Facing the Holidays With Anxiety and Bipolar Disorder
I hate the holidays – not in a Scrooge kind of way but in an everyone’s-increased-happiness-is-rubbing-bipolar-disorder-in-my-face-extra-hard kind of way. To make matters worse, my birthday is literally on Christmas Day, so I’m supposed to be the absolutely most excited of anyone else. In reality, it’s just a reminder of all the parties I won’t be having.
I’m not sad. It’s more like Christmas decorations go up, and I can feel my emptiness intensifying or being spotlighted or something. I know emotional repression/depression/dissociation has rendered me incapable of experiencing so-called Christmas spirit, and then there’s the – surprise – guilt that comes with being unable to feel what I know I should. But I always play the part because god forbid my mental illnesses get accused of bringing other people down during the most wonderful time of the year. Plus, I always think there might finally be enough lights, garland, and ugly sweaters in the world to temporarily inflate my empty husk into something that resembles a person. Not to mention that manic Allie loves all the stuff, but I have unfortunately come to terms with still being in a depressive episode for the foreseeable future.
I can’t possibly be alone in this. Whether the holidays are imbued with a greater spiritual significance for people or not, there’s always a vague emptiness that accompanies a sea of unwrapped presents. A feeling of “OK, what next? Wait. That’s all?” For me, it’s like eating a great meal really fast. I don’t even remember what it tasted like. I just know I’m miserable now.
Sure, there’s family and all that jazz, but the immense pressure put on making the holidays a time for intense bonding and a setting aside of differences takes me out of the present moment enough to forget I’m supposed to be enjoying myself.
The first Christmas I spent with obsessive-compulsive disorder (OCD) (my other mental illness) really threw me for a loop because, while surrounded by my entire family, I had this persistent and intrusive thought that one of us wouldn’t be around for the next Christmas. Did this come to fruition? Obviously not, but there’s something about the combined newness of my birthday, Christmas, and New Years that really sends my anxiety into overdrive. Like the possibilities for terrible things to happen has just been rewound and set back into motion. Relentless pessimism, anyone?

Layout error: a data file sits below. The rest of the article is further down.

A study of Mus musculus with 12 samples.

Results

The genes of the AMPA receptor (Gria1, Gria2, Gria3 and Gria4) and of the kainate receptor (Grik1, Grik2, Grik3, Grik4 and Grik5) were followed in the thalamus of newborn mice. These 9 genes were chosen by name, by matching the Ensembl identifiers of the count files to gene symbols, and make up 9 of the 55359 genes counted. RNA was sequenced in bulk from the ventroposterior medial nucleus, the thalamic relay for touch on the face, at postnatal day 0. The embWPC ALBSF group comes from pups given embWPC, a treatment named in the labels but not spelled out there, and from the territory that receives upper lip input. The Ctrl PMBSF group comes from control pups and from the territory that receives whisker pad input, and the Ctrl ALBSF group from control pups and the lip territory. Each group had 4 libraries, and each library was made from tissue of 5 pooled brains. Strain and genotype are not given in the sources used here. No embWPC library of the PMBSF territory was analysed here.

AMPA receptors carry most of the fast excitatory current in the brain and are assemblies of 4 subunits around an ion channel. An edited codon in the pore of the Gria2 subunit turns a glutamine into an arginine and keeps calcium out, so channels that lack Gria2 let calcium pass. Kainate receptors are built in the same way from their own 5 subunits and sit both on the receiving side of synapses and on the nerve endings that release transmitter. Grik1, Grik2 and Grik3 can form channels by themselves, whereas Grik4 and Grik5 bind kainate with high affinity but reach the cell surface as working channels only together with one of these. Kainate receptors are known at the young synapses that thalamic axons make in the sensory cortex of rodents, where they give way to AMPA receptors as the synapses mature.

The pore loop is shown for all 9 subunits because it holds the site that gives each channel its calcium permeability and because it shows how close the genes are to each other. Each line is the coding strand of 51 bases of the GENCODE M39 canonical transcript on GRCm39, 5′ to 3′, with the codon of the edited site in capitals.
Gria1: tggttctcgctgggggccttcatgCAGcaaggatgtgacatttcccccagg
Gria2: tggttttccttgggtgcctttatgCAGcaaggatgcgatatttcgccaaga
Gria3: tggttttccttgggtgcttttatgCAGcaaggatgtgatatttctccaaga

Plus, the whole idea of a “fresh start” just reiterates to me how out of control I am, and with people throwing the word “resolution” around like it’s nothing, my inability to choose my mood/state of mind is constantly being brought back to the forefront of my everyday life. Since I’m in my last year of college, this year’s “fresh start” is particularly loaded. Four or five Christmases ago, I was a gifted kid with a lot of promise. Now, I’m behind my peers in every sense of the word and lack all motivation to regain my footing.
Trust me. I’ve done the whole “fresh start” thing before. Every time I feel even the slightest reprieve from my depression, I attempt to get my life together. When I finally have a plan in place, depression or hypomania can completely and utterly destroy it. So why bother trying to fight the wrecking ball of my moods and anxiety? There are so many things I want to and know I can do, but I am always caught off guard and suddenly at the mercy of my mind at the worst possible moments. But that’s a little bit of a digression.
I’ve definitely been trying to channel my holiday-induced hyperawareness of my mental illnesses into humor or irony in the past few weeks, but the reality is completely absent of humor. I unironically live with this every day, and neither I nor anyone else with a mental illness wants pity because of that. Just know that for all the Christmas-spirit-killing my honesty does, it pales in comparison to fighting tooth-and-nail just to exist and inhabit a reality that vaguely looks like normalcy from the outside. I’m tired of feeling selfish for not being able to push my mental illnesses to the side during moments of objective happiness.
The holidays – no matter which ones people celebrate – carry such a profound sense of “another year down, X amount of years left” for those of us with mental illnesses (and I have a birthday in there, to boot), and guess what? That is depressing, so it makes sense that no one wants to hear that during the holidays or any other time, for that matter.
Yesterday, my school held its ceremonial lighting of campus, and all I could think about was how detached I felt from everyone and everything around me. All the people laughing, hugging, and singing forced me to step back and reckon with my inability to genuinely partake in those things.
But this isn’t a sob story. I think it’s important to remember that people don’t magically get better just because the season is supposed to be magical. If I were scared to be vocal about my mental illnesses or otherwise having to struggle in silence, I would want my lack of holiday spirit validated, so that’s what this post is for more than anything else. It’s OK to not be OK even when everyone expects circumstances to suddenly lift people’s spirits.
I can acknowledge that my current depressive episode, anxiety, and OCD aren’t going anywhere. I can also congratulate myself for making it another year even though I don’t particularly look forward to the year ahead, but that sentiment, of course, is operating under the assumption that I won’t feel any differently in the near future. But I’m taking steps toward getting better. So maybe that should be the resolution of people with mental illness: remembering how far we’ve come and remembering that our state of mind doesn’t have to be permanent, but it’s totally fine if we aren’t progressing as fast as we had hoped. Truth be told, progress is simply making it to see another holiday season.